Congressman Bob Gibbs

Representing the 7th District of Ohio

October 25, 2013

October 25, 2013
Columns

Now that the government shutdown is over it is time we all come to the table to discuss how to fix our spending addiction, as well as institute policies to grow our economy. During the shutdown the House passed four different pieces of legislation that funded the government, only to have them rejected by the Senate. In addition, the House passed numerous bills that would fund and re-open vital functions of the government along with addressing our country’s spending issues which were all rejected by Majority Leader Reid without even debate or discussion.

The House bills opened the government piece by piece, by funding programs such as: Head Start students programs, funding pediatric cancer research, re-opening national parks and memorials, ensuring veterans received their benefits, paying our National Guard and Army Reserve, providing funds for disaster relief, and providing back pay for those federal employees who were furloughed, along with paying non-furloughed employees on time. Those bills sat on Harry Reid’s desk waiting to be taken up in the Senate.  

Instead of passing bills that would put us on a path to recognize our nation’s spending problem, Congress passed what is considered a ‘clean’ continuing resolution (CR). This would continue government priorities and funding levels at their current status with no changes.  I feel that this country does need changes to both its priorities and funding levels moving forward and that is why I voted against this CR.  To say that our current trajectory will be beneficial for our country in the long run is to turn a blind eye on the American people’s future economic prosperity.

This supposed ‘clean’ bill is the usual meaningless, Washington jargon that only seems to contradict itself.  The ‘clean’ CR that was passed, was nothing near clean. Washington has a habit of airdropping pet projects into bills. This leaves the American people with a deal that does nothing to address the uncertainty coming out of Washington, or addressing our Nation’s spending problems.  Inside this ‘clean’ CR, Congress voted to raise the debt ceiling without cutting spending or enacting necessary reforms that would change our out of control spending problems.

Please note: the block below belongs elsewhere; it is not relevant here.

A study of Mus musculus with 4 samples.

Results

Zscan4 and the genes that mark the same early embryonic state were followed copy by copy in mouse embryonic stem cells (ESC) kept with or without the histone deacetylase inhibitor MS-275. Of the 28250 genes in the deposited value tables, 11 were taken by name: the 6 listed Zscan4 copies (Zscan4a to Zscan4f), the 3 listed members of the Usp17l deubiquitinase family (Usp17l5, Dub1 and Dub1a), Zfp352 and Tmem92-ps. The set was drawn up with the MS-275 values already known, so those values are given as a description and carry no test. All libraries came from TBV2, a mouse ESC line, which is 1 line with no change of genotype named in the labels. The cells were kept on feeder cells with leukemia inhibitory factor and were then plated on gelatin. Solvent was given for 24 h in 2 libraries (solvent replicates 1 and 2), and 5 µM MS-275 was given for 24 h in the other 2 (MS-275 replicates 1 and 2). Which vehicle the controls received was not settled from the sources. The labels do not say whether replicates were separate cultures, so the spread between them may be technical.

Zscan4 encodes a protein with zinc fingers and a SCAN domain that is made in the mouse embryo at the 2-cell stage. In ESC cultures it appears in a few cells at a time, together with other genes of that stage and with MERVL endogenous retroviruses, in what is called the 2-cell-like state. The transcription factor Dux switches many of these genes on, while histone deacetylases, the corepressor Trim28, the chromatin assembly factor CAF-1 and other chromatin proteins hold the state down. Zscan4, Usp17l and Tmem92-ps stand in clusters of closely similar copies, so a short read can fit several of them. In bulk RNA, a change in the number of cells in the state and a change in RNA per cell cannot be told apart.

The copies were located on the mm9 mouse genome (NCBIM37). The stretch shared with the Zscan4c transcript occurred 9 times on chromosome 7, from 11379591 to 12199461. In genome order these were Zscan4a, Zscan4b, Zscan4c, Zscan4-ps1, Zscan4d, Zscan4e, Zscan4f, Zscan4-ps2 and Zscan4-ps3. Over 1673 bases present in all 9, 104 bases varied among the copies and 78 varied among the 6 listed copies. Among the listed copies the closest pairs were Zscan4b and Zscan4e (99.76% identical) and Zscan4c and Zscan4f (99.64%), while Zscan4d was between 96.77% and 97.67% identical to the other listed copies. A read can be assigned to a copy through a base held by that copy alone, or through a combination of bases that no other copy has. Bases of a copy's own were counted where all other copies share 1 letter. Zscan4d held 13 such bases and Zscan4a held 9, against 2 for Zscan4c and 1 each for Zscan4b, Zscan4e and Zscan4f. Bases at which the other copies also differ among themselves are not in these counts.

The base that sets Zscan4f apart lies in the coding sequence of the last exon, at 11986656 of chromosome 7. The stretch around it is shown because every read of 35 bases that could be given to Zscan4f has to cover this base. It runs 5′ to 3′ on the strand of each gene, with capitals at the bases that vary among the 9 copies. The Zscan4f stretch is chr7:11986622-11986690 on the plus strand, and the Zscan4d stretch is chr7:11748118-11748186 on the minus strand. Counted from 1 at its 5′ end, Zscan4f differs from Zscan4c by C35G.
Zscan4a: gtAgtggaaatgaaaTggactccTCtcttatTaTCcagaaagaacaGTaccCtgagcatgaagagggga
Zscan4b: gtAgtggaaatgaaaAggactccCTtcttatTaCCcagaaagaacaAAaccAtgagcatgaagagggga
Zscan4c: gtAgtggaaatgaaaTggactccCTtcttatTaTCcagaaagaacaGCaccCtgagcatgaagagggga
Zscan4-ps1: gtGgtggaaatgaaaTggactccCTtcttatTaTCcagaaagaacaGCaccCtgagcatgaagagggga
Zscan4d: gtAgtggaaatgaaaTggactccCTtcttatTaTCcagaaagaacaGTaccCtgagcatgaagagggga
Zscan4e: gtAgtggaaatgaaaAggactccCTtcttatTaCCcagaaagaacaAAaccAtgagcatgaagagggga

The Senate loaded up the CR with so many other issues that the real reason behind passing this bill was lost. Situations such as these put members of Congress in positions where they are forced to make the tough vote to allow a bill that chose to, in this case, re-open the government but not acknowledge our spending issues or vote down the CR because it doesn’t make the necessary reforms.

I voted against this deal because it is not something that the American people should be subject too. Through a rational thought process, people would have to conclude that at some point this path leads us towards an economic disaster. The question all American’s should be asking is: how much longer can our country’s economy sustain itself if we continue to increase the debt ceiling without ever addressing the problem as to why this has become the new normal.

I came to Washington because I, along with my constituents wanted to see Washington run differently. We must enact policies that will address our underlying spending problems that continue to weigh on our already stagnate economy. In the coming months, we will once again face another budget battle. I appreciate hearing your concerns and thoughts on how we can navigate through these crises again.